Sunday, August 12, 2018

Charlie Faye & The Fayettes at The Federal Bar, 8-12-18 Concert Review

Charlie Faye And The Fayettes
Democracy is truly in danger of being extinguished in this country, and the entire right wing couldn’t care less. In fact, they cheer its destruction. It’s bewildering, infuriating and depressing. More and more, I seek refuge inside of a song. And today I found joy and spirit at The Federal Bar in North Hollywood. Charlie Faye & The Fayettes headlined the latest concert in the Mimosa Music Series, hosted by Gary Calamar. I love attending these shows, and today’s was a bright burst of cheerful pop with an early 1960s flavor, just exactly the right thing to momentarily push aside our fears, our anger, our despair. This music couldn’t help but raise the spirits of all who attended the concert.

At 11:49 a.m., Gary introduced the opening act, Whispertown, a band I hadn’t seen before, but whom I immediately liked. They did songs from their 2017 release, I’m A Man, including “Big Fish,” “Born To Ride” and “Free Faller,” as well as newer material. Then, after a very short break (less than fifteen minutes), Charlie Faye & The Fayettes took the stage. The band actually got things going with a brief instrumental tune, titled “Party Song,” as the girls danced onto the stage. They then went straight into “I Don’t Need No Baby,” and the fun early sixties sound immediately took hold and made me smile. They followed that with “Stone Cold Fox,” which featured some nice stuff on guitar, and then got into some of the material from their self-titled 2016 release. “Eastside” is a whole lot of fun, and the girls have synchronized moves which are wonderful. This song never fails to make me happy, and the band jammed on it a bit at the end, which I appreciated. They followed that with “Sweet Little Messages,” another cool tune from that album.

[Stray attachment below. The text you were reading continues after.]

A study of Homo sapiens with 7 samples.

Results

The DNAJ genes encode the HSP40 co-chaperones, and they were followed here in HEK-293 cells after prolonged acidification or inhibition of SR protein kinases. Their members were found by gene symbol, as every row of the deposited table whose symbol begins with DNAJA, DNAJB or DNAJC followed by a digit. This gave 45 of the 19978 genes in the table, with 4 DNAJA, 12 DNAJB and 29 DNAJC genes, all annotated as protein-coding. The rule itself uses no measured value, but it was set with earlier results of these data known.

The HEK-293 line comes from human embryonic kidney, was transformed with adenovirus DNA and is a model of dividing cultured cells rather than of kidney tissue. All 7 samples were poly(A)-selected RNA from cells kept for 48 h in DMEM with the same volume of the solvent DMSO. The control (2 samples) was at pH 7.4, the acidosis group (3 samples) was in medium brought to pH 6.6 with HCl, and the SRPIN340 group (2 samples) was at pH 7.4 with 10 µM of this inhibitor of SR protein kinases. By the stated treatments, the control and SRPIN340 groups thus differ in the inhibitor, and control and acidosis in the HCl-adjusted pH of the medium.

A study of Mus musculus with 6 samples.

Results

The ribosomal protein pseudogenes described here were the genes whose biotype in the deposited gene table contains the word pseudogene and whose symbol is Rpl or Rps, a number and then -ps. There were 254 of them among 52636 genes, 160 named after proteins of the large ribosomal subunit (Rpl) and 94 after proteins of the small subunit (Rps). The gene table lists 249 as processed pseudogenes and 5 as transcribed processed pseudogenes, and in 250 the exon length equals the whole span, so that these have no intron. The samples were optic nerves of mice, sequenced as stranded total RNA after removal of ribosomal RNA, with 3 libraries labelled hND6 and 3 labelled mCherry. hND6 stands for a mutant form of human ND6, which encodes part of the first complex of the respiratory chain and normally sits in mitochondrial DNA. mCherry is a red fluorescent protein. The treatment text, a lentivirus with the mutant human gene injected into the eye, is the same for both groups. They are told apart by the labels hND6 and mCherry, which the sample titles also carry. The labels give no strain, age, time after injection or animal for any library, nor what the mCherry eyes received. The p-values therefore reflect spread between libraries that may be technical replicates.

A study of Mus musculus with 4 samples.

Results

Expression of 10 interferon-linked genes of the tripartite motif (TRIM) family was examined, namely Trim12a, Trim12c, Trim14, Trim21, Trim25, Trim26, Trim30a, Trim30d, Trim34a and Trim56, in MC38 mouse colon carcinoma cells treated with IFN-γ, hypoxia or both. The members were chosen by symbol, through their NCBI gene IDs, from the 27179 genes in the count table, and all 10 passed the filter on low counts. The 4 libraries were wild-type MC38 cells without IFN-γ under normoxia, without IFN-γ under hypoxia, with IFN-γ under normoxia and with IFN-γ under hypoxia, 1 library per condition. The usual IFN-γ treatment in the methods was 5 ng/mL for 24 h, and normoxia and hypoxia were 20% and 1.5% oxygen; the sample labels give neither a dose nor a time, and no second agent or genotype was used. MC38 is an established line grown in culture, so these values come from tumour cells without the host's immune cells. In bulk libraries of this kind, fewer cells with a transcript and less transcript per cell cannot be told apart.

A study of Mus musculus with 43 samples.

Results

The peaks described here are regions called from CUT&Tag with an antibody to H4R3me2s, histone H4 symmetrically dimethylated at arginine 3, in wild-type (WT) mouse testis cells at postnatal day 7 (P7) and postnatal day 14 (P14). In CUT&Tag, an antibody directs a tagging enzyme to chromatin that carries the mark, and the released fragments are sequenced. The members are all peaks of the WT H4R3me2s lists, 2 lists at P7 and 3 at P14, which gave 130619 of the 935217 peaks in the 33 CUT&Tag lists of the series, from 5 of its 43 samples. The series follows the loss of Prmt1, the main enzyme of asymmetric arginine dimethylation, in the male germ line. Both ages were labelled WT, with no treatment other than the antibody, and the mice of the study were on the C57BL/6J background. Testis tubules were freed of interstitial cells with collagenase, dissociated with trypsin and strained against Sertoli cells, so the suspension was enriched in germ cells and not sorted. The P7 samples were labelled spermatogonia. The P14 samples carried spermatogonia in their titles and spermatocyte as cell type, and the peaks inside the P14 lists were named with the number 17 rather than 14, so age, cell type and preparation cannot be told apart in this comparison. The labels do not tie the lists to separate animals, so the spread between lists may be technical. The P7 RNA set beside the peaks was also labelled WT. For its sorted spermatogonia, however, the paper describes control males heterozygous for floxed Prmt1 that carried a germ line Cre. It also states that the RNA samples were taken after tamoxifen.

“That’s What New Love Is For” is a sweet, pretty song, and after it Charlie Faye mentioned the group’s upcoming release. “Here are a couple of new ones,” she said. They played “1-2-3-4” (which I had assumed was titled “Elementary”) and “The Whole Shebang.” “That’s what we decided we’re going to call the next record – The Whole Shebang,” she said afterward. Well, from what they played at this show, the new album is bound to be something special. They went from something new to something old, a cover of The Ramones’ “Rockaway Beach,” which, as I’m sure you can imagine, was a lot of fun. They did that song the first time I saw them perform too, which was nearly two years ago now (geez, time is racing along).

That was followed by “Cream Rises” and “Tonight’s The Night,” and then “Green Light,” the lead-off track from their debut release. They finished off the set with an absolutely delightful cover of “Seven Nights To Rock,” a song that was originally done by Moon Mullican in the 1950s, and has been performed by Bruce Springsteen, Nick Lowe, The Refreshments and others over the years. This rendition by Charlie Faye & The Fayettes featured some excellent work on keys. All it was missing was a saxophone. The band continued to play as the girls danced off the stage into the audience. There was no encore.

Set List
  1. Party Song
  2. I Don’t Need No Baby
  3. Stone Cold Fox
  4. Eastside
  5. Sweet Little Messages
  6. That’s What New Love Is For
  7. 1-2-3-4
  8. The Whole Shebang
  9. Rockaway Beach
  10. Cream Rises
  11. Tonight’s The Night
  12. Green Light
  13. Seven Nights To Rock 
Here are a few photos from the show:

"Stone Cold Fox"
"Stone Cold Fox"
"Sweet Little Messages"

The Federal Bar is located at 5303 Lankershim Blvd. in North Hollywood, California.